Browsing named entities in The Daily Dispatch: October 19, 1861., [Electronic resource]. You can also browse the collection for J. R. Anderson or search for J. R. Anderson in all documents.

Your search returned 9 results in 3 document sections:

Powerful locomotive. --A valuable addition has just been made to the rolling stock of one of our railroads by the arrival of a heavy draft engine, formerly employed on the Baltimore and Ohio Railroad. It was brought to this city on Monday evening by the freight train, over the Central route, and is now at the company's shops, for the purpose of repairs. It is a ten-wheeled engine, with-truck in front. We learn that it will take the place of the locomotive "J. R. Anderson," now running on the short track which connects the Petersburg and Fredericksburg railroads.
From Kentucky. Gen. Anderson's Successor — who is he?--Accidental Death of Col. Lyon--Ogilvie Byren Young — Skirmish near Green Riv&c., &c. Bowling Green, (Ky.,) Oct. 13, 1861. That General Anderson has been superseded in the command of the Department of KentucGeneral McCook. The New York Herald, of the 4th instant, noticing Anderson's removal, says that "owing to some alleged differences which have arisen upon points of military etiquette between General Anderson and General Mitchell, is appears that General McCook, of Ohio, has recently new commander be appointed to the Department of Kentucky. Gen. Anderson is said to be in bad health, and the proposition of Gen. McCook received the approbation of both Gen. Anderson and Gen. Mitchell. The result has been the appointment of Gen. McCook to the Department of K at this arrangement. Prominent Kentuckians regard the sending of Anderson to this State as having been intended merely as a softening wedge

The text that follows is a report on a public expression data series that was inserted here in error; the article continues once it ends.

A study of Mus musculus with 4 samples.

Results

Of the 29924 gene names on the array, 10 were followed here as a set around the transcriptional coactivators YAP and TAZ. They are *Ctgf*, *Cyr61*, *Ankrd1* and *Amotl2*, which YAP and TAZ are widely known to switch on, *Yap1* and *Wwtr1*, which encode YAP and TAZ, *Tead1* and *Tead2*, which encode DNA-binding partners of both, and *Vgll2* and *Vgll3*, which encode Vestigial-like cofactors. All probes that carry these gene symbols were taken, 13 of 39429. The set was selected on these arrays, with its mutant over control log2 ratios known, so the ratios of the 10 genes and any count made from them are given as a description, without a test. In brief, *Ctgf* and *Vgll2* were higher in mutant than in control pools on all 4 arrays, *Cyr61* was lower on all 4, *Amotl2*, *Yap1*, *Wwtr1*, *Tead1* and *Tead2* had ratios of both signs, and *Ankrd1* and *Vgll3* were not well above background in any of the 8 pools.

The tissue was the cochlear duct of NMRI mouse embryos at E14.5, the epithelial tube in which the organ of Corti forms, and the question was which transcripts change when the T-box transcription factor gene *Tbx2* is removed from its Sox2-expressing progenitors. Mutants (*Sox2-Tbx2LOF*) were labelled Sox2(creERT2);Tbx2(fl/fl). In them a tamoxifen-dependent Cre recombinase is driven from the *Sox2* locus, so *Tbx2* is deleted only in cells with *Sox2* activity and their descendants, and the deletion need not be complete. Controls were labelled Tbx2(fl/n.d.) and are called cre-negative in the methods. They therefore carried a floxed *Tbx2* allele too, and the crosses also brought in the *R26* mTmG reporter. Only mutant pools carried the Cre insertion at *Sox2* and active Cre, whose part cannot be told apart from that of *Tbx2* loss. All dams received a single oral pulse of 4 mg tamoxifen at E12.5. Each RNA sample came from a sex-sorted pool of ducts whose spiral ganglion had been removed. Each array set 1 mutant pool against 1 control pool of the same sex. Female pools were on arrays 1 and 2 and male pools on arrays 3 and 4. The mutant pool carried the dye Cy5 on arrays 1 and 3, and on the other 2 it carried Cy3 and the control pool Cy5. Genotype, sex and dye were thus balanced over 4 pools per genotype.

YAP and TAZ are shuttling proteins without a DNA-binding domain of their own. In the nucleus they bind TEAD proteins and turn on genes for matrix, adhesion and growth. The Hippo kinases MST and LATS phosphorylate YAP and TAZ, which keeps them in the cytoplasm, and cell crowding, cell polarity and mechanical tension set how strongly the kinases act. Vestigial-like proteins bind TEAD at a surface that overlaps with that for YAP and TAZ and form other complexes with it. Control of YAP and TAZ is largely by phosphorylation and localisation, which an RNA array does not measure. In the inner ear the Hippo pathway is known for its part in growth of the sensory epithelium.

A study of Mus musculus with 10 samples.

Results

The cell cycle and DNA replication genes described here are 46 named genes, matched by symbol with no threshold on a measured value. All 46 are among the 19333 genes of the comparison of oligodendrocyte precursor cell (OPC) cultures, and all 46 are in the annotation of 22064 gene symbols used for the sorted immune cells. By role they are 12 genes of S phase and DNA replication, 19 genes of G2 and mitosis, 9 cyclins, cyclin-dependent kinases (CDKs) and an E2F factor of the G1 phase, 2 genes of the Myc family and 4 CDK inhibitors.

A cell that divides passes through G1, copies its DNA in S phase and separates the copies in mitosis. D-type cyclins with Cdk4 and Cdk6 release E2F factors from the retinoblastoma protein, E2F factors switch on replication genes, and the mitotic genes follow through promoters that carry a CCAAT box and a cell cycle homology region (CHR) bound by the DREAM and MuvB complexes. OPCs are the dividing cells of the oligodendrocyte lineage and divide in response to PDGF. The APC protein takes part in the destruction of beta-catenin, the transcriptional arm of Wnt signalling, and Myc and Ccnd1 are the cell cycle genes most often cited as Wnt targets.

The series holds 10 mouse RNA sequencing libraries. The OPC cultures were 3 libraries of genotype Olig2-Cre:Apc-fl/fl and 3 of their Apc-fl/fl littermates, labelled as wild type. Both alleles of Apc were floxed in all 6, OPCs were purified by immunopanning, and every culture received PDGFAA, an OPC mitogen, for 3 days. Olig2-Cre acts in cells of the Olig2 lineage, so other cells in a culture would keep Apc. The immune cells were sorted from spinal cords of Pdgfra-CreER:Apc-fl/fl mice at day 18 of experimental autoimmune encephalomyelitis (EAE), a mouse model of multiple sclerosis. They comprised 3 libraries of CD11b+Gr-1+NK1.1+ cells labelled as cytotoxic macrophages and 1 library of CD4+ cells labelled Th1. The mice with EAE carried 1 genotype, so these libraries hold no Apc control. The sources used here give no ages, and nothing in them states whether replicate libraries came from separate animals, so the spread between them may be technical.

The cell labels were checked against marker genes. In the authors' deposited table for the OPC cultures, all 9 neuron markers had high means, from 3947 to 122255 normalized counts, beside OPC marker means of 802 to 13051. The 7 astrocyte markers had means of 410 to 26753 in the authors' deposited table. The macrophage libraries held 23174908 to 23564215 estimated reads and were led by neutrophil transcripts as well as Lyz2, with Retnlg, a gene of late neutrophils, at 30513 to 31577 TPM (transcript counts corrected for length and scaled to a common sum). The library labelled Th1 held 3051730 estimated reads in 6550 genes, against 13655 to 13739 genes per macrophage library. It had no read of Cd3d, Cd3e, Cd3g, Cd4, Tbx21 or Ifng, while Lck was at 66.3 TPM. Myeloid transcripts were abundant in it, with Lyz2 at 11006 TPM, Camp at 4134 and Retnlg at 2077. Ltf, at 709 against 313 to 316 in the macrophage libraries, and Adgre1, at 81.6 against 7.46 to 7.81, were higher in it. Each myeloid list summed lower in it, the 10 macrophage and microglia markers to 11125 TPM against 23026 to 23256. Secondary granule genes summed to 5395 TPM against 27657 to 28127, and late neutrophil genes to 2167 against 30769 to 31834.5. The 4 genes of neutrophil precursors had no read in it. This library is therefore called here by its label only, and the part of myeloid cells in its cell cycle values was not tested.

Escape of Hon. Thos. P. Porter, &c. Nashville, Oct. 18. --The Hon. Thomas P. Porter, the late President of the Kentucky Senate and Lieutenant Governor of the State, was in this city on yesterday, having escaped from Lincolndom. "Sumter" Anderson left Louisville on the 11th inst., for Washington. Thomas L. Crittenden has gone to Henderson to assume command of the Federal troops in that section. Gen. B. F. (Picayune) Butler has assumed the command of the Department of New England, and his headquarters are to be at Boston.